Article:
Teachers have taken to the streets to demand higher salaries amid an economic crunch and soaring inflation
The Iranian flag flies outside the country's embassy in Berlin, on 3 January 2020 (AFP)

Human Rights Watch has called on Iran to release teachers being held across the country, after at least 38 were detained for organising protests before and since 1 May.

The New York-based organisation said on Thursday that at least 17 teachers are still in custody, according to reports by the reformist Emtedad News Agency.

"At least 17 of them are still detained, including Mohammad Habibi, the Iranian Teachers Trade Association's (ITTA) spokesperson," HRW said in a statement

It said the arrests came after the Coordinating Council of the Iranian Cultural Teachers Associations called for a nationwide protest on 1 May - on the eve of National Teachers' Day.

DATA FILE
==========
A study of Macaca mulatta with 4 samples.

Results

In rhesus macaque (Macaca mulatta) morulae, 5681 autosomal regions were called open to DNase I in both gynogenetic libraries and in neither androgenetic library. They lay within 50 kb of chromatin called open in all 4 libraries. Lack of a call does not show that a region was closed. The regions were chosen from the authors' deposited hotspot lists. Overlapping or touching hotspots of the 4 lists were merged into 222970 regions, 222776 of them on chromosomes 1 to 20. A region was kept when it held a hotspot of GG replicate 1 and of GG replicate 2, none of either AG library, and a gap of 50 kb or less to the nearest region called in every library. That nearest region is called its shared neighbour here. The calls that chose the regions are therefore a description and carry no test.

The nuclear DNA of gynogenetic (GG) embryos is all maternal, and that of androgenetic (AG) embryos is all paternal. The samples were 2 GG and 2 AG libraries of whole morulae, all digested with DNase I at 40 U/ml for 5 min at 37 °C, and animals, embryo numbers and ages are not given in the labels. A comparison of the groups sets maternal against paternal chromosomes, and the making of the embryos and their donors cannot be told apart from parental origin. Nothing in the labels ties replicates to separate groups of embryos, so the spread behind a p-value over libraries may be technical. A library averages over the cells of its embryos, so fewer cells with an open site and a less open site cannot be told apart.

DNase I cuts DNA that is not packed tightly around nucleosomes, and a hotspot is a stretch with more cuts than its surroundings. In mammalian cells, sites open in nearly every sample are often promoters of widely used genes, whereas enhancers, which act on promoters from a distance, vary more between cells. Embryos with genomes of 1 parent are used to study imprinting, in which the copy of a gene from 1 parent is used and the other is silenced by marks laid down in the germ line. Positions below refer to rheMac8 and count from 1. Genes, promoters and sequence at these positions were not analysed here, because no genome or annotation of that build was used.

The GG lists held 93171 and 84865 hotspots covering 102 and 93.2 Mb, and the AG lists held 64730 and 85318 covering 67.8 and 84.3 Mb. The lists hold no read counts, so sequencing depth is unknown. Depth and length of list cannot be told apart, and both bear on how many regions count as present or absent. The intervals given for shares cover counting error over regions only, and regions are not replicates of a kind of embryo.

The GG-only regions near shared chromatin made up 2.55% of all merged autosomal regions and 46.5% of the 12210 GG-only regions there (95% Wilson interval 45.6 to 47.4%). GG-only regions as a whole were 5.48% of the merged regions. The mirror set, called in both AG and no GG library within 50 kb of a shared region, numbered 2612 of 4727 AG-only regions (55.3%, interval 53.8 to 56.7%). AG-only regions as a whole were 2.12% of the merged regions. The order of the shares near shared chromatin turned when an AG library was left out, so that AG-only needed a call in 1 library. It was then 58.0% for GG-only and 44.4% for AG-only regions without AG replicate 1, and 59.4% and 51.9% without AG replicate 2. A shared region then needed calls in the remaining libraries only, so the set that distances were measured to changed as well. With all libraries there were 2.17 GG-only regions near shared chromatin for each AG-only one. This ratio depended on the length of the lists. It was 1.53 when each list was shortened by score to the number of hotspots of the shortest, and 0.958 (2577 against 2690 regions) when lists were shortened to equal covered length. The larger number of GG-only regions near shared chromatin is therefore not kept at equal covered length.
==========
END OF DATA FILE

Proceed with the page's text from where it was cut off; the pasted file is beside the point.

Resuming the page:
"Iranian authorities have yet again decided to lock up people for seeking to organise to assert their collective rights instead of working with independent associations to ensure respect for Iranians' economic and social rights," said senior HRW researcher, Tara Sepehri Far.


Iranian teachers have taken to the streets repeatedly in recent months to protest conditions and the arrest of colleagues.

The teachers have for months demanded that the government speed up the implementation of reforms that would see their salaries better reflect their experience and performance.

In April, an Iranian court sentenced teachers' union activist Rasoul Bodaghi to five years in jail for "illegal assembly" and "propaganda".

The Norway-based Iran Human Rights NGO said at the time that Bodaghi had been convicted in an "intensification of the crackdown on civil society in Iran".

Hit by biting economic sanctions imposed in 2018 by the United States, Iran has seen inflation soar to more than 40 percent, taking a heavy toll on the standard of living of public sector staff and others on fixed incomes.

According to HRW, Iranian authorities have clamped down on "activist teachers" since the beginning of the Iranian new year in March. More than a dozen have been summoned for questioning and several arrested, while others were charged, convicted or jailed. Most were accused of undermining "national security".